By Sanjay Basu

Cambridge native Marjorie Decker has grounded her campaign for Cambridge City Council on affordable housing issues -- stating that her past involvement in city politics in Cambridge has qualified her for a council position.

Decker, who grew up in public housing in Cambridgeport and attended high school at Cambridge Rindge and Latin, became involved in city politics while studying at UMass-Amherst. After being elected to membership on the Amherst Town Meeting, Decker served as a first grade instructor in Louisiana as part of TEACH for AMERICA.

She then came back to Cambridge to work as a legislative aide to Representative Alice Wolf.

“While I was working with Alice,” Decker said, “I became really involved in housing and urban development issues, as well as education issues.”

“I decided to run for city council last January because I wanted the council to really focus on developing some new policy on these issues.”

Decker, who has worked on affordable housing projects at both the state and local level, said that the council needs more members experienced in urban development issues. While she sees the need for improvement on the board, Decker also attributes responsibility to other city organizations.

“The universities have a responsibility to plan affordable housing, particularly for their students,” she said. “There’s a lot of pressure on the housing market. I think the loss of rent control has certainly contributed. But the universities have as well, and we’ve got students here who don’t live on campus because there’s not enough room for them.”

When asked what she would do to resolve the housing problem, Decker did not present a specific plan, but said that a proposal for action would have to be created by a coalition of city councilors, housing authority members, tenants, universities, and homeowners.

“We must actually talk with that group and say, ‘What resources do we have available? Who are we providing this housing for? And what does affordable housing mean in today’s market?’”

Decker also emphasized that, while she works with many community housing and planning boards, her working class background brings a new political perspective to the election.

“It makes a big difference that I have a working class background in a community that’s very polarized around class,” said Decker. “I have succeeded because of what this community has offered me. I’m the first in my family to go to college, but I don’t lose my background.”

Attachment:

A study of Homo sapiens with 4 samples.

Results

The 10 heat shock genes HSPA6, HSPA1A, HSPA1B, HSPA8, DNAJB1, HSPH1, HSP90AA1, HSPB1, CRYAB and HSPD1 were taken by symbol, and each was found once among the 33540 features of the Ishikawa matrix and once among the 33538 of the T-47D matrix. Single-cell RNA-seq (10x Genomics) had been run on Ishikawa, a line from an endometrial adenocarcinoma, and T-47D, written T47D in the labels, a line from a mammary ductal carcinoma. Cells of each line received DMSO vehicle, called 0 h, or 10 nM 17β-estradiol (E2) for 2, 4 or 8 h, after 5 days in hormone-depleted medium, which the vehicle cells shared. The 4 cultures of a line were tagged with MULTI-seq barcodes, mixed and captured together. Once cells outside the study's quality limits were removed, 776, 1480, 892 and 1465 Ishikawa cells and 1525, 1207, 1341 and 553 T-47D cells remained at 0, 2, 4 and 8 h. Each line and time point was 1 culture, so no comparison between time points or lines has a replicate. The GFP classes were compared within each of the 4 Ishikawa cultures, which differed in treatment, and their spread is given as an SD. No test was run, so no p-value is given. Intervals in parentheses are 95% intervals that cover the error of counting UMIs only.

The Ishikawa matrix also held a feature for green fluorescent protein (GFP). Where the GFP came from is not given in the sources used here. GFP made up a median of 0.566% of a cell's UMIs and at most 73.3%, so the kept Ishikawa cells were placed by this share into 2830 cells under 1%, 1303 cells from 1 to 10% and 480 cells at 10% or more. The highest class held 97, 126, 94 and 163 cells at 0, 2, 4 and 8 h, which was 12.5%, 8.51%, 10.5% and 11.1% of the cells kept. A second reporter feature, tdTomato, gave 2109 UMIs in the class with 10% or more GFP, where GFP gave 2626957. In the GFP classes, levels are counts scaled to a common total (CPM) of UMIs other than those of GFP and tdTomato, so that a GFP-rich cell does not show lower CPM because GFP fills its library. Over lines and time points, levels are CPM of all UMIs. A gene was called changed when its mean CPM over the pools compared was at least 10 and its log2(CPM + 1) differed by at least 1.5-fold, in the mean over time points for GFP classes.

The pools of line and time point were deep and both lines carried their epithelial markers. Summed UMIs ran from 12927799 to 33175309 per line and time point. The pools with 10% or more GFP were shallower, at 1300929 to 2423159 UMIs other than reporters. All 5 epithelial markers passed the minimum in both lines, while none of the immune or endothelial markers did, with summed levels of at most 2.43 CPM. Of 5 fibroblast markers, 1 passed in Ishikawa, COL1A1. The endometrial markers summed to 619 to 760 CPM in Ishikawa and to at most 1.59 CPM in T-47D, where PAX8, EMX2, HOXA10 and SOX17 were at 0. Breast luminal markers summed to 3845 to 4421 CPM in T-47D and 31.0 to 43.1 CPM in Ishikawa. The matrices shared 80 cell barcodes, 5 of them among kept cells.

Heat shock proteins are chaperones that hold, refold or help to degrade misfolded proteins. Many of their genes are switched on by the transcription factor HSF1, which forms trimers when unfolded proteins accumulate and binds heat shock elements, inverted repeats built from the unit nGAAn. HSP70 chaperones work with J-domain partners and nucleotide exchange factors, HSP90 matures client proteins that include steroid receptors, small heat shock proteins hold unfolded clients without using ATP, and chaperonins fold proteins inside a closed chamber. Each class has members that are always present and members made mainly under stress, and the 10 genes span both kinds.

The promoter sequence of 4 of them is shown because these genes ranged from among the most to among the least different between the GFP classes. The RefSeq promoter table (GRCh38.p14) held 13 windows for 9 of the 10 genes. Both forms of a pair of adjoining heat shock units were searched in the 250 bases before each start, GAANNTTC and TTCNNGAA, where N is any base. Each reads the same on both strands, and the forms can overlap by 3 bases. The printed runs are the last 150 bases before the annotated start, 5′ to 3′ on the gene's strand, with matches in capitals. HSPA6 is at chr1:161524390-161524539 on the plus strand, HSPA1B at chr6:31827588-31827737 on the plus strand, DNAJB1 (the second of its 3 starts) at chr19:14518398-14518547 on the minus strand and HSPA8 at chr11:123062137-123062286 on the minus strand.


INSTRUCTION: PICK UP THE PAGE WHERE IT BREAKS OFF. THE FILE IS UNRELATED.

Decker represents political middle

To emphasize her position in the middle of the political spectrum, Decker chose not to be endorsed by the Cambridge Civic Association this year, despite the political risk associated with turning-down a CCA slate offering.

“I have people who have supported me and have supported both CCA and independent candidates,” Decker said. “And the differences between those two camps have not been policy issues. They’ve been over these historically entrenched camps.”

“The stereotype,” said Decker, “is that if you’re CCA, you’re a liberal from an upperclass background. And that if you’re not, you’re a conservative.”

“But there’s a lot more people who fall in the middle,” Decker said. “That’s where I come from.”

Decker called Cambridge “a city in crisis,” saying that the city council has not had the strength to come together and build coalitions.

“My strength is that I bring a lot of people together who have not been together in the past,” Decker said. “We took a risk by not being on a slate, but it’s about saying that it’s time to do things differently and not be boxed in by labels that do not give the full picture of who I am.”

Decker comments on Snowberg

Decker also commented on the candidacy of MIT student Eric Snowberg ’99, who is also a Cambridge City Council candidate.

“I don’t think it’s enough to support a student just because he’s a student,” Decker said. “With that said, I think Erik Snowberg has done his homework and is running on a solid set of issues that he cares about. There are people here who have lived longer in Cambridge than he has and are running for a council position even though they know less than he does about the community.”

But Decker also pointed out that Snowberg’s campaign has called attention to the problem of student apathy at universities, particularly with regard to local politics.

“Students come to MIT to learn,” Decker said, “and while they’re there, part of their experience is being part of the community. But when students come of age to vote, they’re leaving home and entering this whole new world, and that’s where their interests lie.”

“Apathy has such a negative connotation,” Decker said. “But usually it’s just the fact that student interests aren’t so local. Getting students involved in local issues is a challenge.”

Decker attributed responsibility for student inactivity in local issues to neighborhood universities.

“This is where the universities can be involved,” she said. “The universities have to be more connected with the community. But I certainly think students can put pressure on their universities and initiate reform at the local level. When I got involved in issues involving both my university and my community, I began to realize my power to change things.”